When adult brain cells are injured, they revert to an embryonic state, according to new findings published in the April 15, 2020 issue of Nature by researchers at University of California San Diego School of Medicine, with colleagues elsewhere. The scientists report that in their newly adopted immature state, the cells become capable of re-growing new connections that, under the right conditions, can help to restore lost function.
Repairing damage to the brain and spinal cord may be medical science’s most daunting challenge. Until relatively recently, it seemed an impossible task. The new study lays out a “transcriptional roadmap of regeneration in the adult brain.”
“Using the incredible tools of modern neuroscience, molecular genetics, virology and computational power, we were able for the first time to identify how the entire set of genes in an adult brain cell resets itself in order to regenerate. This gives us fundamental insight into how, at a transcriptional level, regeneration happens,” said senior author Mark Tuszynski, MD, Ph.D., professor of neuroscience and director of the Translational Neuroscience Institute at UC San Diego School of Medicine.
Using a mouse model, Tuszynski and colleagues discovered that after injury, mature neurons in adult brains revert back to an embryonic state. “Who would have thought,” said Tuszynski. “Only 20 years ago, we were thinking of the adult brain as static, terminally differentiated, fully established and immutable.”
But work by Fred “Rusty” Gage, Ph.D., president and a professor at the Salk Institute for Biological Studies and an adjunct professor at UC San Diego, and others found that new brain cells are continually produced in the hippocampus and subventricular zone, replenishing these brain regions throughout life.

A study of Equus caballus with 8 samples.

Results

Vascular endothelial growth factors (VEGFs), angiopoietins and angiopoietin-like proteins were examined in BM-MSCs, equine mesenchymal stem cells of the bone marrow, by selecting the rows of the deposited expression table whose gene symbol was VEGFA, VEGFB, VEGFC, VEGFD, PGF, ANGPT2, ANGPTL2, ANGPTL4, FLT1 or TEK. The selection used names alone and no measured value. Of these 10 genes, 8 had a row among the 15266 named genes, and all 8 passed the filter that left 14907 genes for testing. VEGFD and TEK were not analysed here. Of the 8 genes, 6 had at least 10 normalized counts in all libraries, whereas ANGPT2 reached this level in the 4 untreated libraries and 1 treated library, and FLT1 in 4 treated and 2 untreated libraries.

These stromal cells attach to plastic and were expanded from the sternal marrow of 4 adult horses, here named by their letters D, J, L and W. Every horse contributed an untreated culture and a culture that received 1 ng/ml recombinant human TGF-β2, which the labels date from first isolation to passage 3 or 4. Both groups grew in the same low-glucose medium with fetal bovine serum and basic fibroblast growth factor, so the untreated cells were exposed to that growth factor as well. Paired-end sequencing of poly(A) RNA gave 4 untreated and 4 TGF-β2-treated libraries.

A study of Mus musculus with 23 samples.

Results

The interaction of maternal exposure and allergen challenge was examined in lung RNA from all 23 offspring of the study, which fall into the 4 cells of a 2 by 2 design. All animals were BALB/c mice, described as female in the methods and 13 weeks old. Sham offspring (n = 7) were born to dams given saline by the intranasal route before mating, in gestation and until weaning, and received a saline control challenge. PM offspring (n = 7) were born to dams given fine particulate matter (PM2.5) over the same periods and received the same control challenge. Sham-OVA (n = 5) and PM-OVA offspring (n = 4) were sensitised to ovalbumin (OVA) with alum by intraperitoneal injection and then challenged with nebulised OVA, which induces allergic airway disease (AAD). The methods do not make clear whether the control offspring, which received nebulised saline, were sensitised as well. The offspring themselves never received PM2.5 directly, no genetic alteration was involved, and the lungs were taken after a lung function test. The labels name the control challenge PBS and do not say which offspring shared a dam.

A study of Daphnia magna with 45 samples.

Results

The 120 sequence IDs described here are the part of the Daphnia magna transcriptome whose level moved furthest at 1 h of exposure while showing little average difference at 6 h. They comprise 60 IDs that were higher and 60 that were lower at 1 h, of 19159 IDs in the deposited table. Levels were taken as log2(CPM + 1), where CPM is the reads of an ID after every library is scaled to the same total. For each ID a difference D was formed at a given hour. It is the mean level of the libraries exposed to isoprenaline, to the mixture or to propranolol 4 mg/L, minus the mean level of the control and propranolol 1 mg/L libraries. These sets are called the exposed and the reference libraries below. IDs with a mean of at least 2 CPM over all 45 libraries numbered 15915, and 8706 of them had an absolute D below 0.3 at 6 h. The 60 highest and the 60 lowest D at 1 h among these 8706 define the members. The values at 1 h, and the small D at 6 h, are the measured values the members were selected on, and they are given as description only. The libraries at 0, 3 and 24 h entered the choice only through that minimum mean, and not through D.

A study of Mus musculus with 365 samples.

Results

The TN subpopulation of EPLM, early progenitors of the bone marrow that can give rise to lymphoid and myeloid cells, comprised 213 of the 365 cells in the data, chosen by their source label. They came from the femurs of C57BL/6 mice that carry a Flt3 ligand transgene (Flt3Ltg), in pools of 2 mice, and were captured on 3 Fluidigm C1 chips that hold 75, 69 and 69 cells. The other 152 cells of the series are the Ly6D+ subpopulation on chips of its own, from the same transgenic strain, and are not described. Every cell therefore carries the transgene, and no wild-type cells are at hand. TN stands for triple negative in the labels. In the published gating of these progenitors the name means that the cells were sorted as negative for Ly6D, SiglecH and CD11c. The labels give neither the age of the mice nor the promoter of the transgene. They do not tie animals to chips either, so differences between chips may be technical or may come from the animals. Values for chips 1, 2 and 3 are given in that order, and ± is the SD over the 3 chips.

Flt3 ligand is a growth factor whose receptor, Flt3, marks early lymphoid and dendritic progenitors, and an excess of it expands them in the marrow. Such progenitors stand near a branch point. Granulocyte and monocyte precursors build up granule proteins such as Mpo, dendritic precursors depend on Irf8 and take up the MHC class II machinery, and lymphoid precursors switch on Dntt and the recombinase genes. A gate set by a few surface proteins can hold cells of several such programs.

“Our work further radicalizes this concept,” Tuszynski said. “The brain’s ability to repair or replace itself is not limited to just two areas. Instead, when an adult brain cell of the cortex is injured, it reverts (at a transcriptional level) to an embryonic cortical neuron. And in this reverted, far less mature state, it can now regrow axons if it is provided an environment to grow into. In my view, this is the most notable feature of the study and is downright shocking.”
To provide an “encouraging environment for regrowth,” Tuszynski and colleagues investigated how damaged neurons respond after a spinal cord injury. In recent years, researchers have significantly advanced the possibility of using grafted neural stem cells to spur spinal cord injury repairs and restore lost function, essentially by inducing neurons to extend axons through and across an injury site, reconnecting severed nerves.
Last year, for example, a multi-disciplinary team led by Kobi Koffler, Ph.D., assistant professor of neuroscience, Tuszynski, and Shaochen Chen, Ph.D., professor of nanoengineering and a faculty member in the Institute of Engineering in Medicine at UC San Diego, described using 3-D printed implants to promote nerve cell growth in spinal cord injuries in rats, restoring connections and lost functions.
The latest study produced a second surprise: In promoting neuronal growth and repair, one of the essential genetic pathways involves the gene Huntingtin (HTT), which, when mutated, causes Huntington’s disease, a devastating disorder characterized by the progressive breakdown of nerve cells in the brain.
Tuszynski’s team found that the “regenerative transcriptome”—the collection of messenger RNA molecules used by corticospinal neurons—is sustained by the HTT gene. In mice genetically engineered to lack the HTT gene, spinal cord injuries showed significantly less neuronal sprouting and regeneration.